Should I Buy Land Or Rent It?

Each situation is different, but all should be looked at objectively and not emotionally.

This will be a far better year financially than most farmers realize. Many of our clients are meeting or exceeding their gross-dollars-per-acre goals and haven't yet done the play on crop insurance claims. Many are looking forward to expansion next year and are wondering if they should buy more land or rent it.

To answer that question, you need to look at your records on a farm-by-farm basis. One of our clients in Iowa did that last year. He took yield monitor data and assigned all production costs to each farm. For machinery costs, he used Iowa State University (ISU) rates to keep every farm on a consistent basis for comparative purposes. The findings were very interesting.

Naturally, farms where you have a lot of equity are more profitable than many leased farms. But it was surprising to see the profitability differences among leased farms. Some farms with the highest cash rents were the most profitable leased farms and, conversely, some of the lowest cash rent farms were the least profitable.

This data also can be useful in countering a landlord's request for rent increases, especially if that farm is one of your least profitable. Very inexpensive software is available from one of our clients for this analysis if you need it.

There are other issues to consider, though, including your financial risk-bearing ability, which will be the subject of another Riskwise article. It's important that a portion of your farming base is owned land. This can provide your homestead, equipment and grain storage. If you ever get into trouble financially, some of these assets can be exempt.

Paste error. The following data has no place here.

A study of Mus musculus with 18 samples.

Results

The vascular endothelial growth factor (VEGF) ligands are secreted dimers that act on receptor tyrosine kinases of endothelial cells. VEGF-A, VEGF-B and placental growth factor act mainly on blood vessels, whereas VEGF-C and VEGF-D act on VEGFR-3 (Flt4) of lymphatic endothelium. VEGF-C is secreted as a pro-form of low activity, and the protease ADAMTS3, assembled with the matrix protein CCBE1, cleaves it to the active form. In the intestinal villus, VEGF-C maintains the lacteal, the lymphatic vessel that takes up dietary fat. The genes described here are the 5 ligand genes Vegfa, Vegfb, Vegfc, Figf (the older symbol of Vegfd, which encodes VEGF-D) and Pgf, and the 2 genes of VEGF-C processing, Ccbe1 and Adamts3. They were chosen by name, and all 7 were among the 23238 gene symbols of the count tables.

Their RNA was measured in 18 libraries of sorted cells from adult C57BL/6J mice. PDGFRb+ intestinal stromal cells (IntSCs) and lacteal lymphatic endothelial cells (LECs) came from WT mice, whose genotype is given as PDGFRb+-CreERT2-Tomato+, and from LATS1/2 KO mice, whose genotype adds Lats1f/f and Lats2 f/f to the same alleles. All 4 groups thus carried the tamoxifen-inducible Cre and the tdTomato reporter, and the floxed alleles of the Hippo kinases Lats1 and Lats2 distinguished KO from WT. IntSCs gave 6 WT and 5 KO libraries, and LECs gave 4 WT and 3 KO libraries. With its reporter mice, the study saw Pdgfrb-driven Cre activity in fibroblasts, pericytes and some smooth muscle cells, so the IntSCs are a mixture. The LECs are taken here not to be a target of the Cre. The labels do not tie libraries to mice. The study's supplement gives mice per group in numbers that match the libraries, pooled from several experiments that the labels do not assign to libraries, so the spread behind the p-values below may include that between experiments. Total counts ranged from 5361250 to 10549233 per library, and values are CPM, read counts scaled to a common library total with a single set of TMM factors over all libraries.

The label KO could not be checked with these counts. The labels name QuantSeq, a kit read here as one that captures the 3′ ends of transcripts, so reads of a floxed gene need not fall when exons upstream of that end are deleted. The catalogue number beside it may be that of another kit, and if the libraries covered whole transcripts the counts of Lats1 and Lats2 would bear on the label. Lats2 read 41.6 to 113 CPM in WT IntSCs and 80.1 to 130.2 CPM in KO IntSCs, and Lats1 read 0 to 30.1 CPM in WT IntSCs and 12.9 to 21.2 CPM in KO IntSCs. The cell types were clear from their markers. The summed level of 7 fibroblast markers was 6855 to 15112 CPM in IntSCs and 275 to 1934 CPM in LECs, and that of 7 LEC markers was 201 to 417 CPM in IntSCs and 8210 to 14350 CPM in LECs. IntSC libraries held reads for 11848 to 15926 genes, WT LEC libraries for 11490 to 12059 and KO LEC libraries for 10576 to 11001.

The biggest variable factor in determining whether land is affordable is not the price but the terms. These include the amount of down payment, interest rate and amortization. They can make all the difference.

I ran a feasibility analysis last week for a Wisconsin client who's looking at buying a farm with 18% down on a 7% contract. Plus, he would get a house to live in and otherwise would have had to build one. It's affordable, but wouldn't have been with a 30% down payment and 9% mortgage rates.

When I do a feasibility analysis I add an appreciation factor. I use 3.5-4% annually because, according to ISU data, Iowa farmland has appreciated an average of 4.38% for the last 50 years and 3.83% per year over the last 100 years. A 50- or 100-year trend is good enough for me! This, added to a 5-6% cash return, makes the return comparable to many other investments over the long term.

If your financial condition can stand another purchased farm and still retain the needed "shock absorbers" to withstand adversity, I recommend buying rather than leasing. The advantages are stability of farming base and a good return, plus it's a good long-term investment. The downside is it ties up a lot of capital, reduces your flexibility for making other investments and reduces your cash flow during the early years of ownership.

If your financial condition cannot stand more debt and still retain the needed margin for adversity, I definitely recommend leasing. The advantages are flexibility, less needed capital and generally better cash flow in the short run. More importantly, you can't afford to risk your entire operation by taking on more debt than is prudent. The disadvantage of leasing: Your operational risk is increased because, if your leases are on a yearly basis, you could lose them.